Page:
If you’ve been dealing with back or neck pain, you may be eager to get your scheduled spine surgery to get the relief you are seeking. However, it’s important not to rush into a surgical procedure if you are ill unless there is an urgent reason. Dr. Daniel Reid, Orthopaedic surgeon and spine specialist with CMC Orthopaedics, explained why it is risky to have spine surgery if you have a urinary tract infection (UTI) or other infection.
Can I have spine surgery if I have a UTI?
Infections can occur for various reasons and can’t always be prevented. If you end up with a UTI or other illness like the flu or a respiratory infection, you need to let your surgeon know before your surgery because there could be risks involved with going through with the procedure.
“Generally for elective spine surgeries we don’t want to perform a procedure on anyone who has an active infection anywhere in their body,” said Dr. Reid. “The spine is incredibly vulnerable. So you don’t want to knowingly operate when there is an increased risk of infection already.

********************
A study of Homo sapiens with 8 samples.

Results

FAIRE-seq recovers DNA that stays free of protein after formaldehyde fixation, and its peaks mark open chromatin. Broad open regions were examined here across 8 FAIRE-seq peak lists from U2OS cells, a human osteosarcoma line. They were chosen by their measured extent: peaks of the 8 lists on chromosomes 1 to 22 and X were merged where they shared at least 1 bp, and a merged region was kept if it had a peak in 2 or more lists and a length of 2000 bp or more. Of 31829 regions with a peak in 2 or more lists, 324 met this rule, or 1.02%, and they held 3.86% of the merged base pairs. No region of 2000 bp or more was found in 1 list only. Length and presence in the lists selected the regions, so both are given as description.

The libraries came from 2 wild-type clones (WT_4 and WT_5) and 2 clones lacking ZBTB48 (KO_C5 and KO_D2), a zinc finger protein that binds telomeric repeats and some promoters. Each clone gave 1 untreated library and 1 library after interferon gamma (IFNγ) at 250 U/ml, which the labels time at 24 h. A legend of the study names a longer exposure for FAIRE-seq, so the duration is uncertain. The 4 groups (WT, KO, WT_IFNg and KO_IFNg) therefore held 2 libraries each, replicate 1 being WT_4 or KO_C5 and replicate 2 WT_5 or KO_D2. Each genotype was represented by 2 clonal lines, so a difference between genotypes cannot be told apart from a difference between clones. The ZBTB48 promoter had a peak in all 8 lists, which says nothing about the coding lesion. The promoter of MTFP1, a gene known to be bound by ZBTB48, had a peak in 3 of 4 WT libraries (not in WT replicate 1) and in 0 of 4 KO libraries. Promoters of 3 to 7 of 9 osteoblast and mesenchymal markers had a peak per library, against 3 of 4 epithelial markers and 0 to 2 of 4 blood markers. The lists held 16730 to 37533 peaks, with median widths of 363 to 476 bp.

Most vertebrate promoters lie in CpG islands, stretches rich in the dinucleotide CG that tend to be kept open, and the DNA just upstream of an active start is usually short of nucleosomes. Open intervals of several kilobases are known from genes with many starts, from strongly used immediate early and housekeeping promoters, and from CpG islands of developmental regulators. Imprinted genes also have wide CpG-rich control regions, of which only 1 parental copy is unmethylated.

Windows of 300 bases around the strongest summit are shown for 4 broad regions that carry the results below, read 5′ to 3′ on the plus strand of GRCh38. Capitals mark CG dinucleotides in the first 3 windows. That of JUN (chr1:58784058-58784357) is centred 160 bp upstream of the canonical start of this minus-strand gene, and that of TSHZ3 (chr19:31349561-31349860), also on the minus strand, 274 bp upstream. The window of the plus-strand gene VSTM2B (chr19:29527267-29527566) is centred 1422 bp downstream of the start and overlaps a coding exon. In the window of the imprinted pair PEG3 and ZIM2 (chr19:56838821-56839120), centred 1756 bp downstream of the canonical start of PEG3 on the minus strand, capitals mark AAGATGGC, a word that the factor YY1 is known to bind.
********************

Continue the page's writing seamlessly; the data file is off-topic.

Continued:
Are there situations when spine surgery will still be performed?
One of the biggest deciding factors for your doctor performing your surgery while you have a UTI or other infection is whether or not it is emergency surgery. “If it’s an urgent or emergent need, then even with a UTI we would go ahead and proceed with the understanding that there is a little bit of a higher risk of infection at the surgical site in that situation,” said Dr. Reid. “ That increased risk is why we would delay surgeries in elective cases that can technically wait. Obviously, in severely urgent or emergent situations we would have to proceed for the best interests of the patient and then closely monitor them.”
If you are sick in the days leading up to your surgery, be sure to have a conversation with your surgeon. At CMC Orthopaedics, Dr. Reid’s main concern is making sure you have a successful surgery so that you can get back to life. If he feels that your UTI could put your recovery at risk, your surgery may be delayed to ensure that the end goal is met and you have a positive outcome.
In need of a spine expert?
Don’t let spine pain keep you from your everyday activities. Contact Dr. Daniel Reid with CMC Orthopaedics at 843-347-8041 or request an appointment today. He would consider it a privilege to care for you.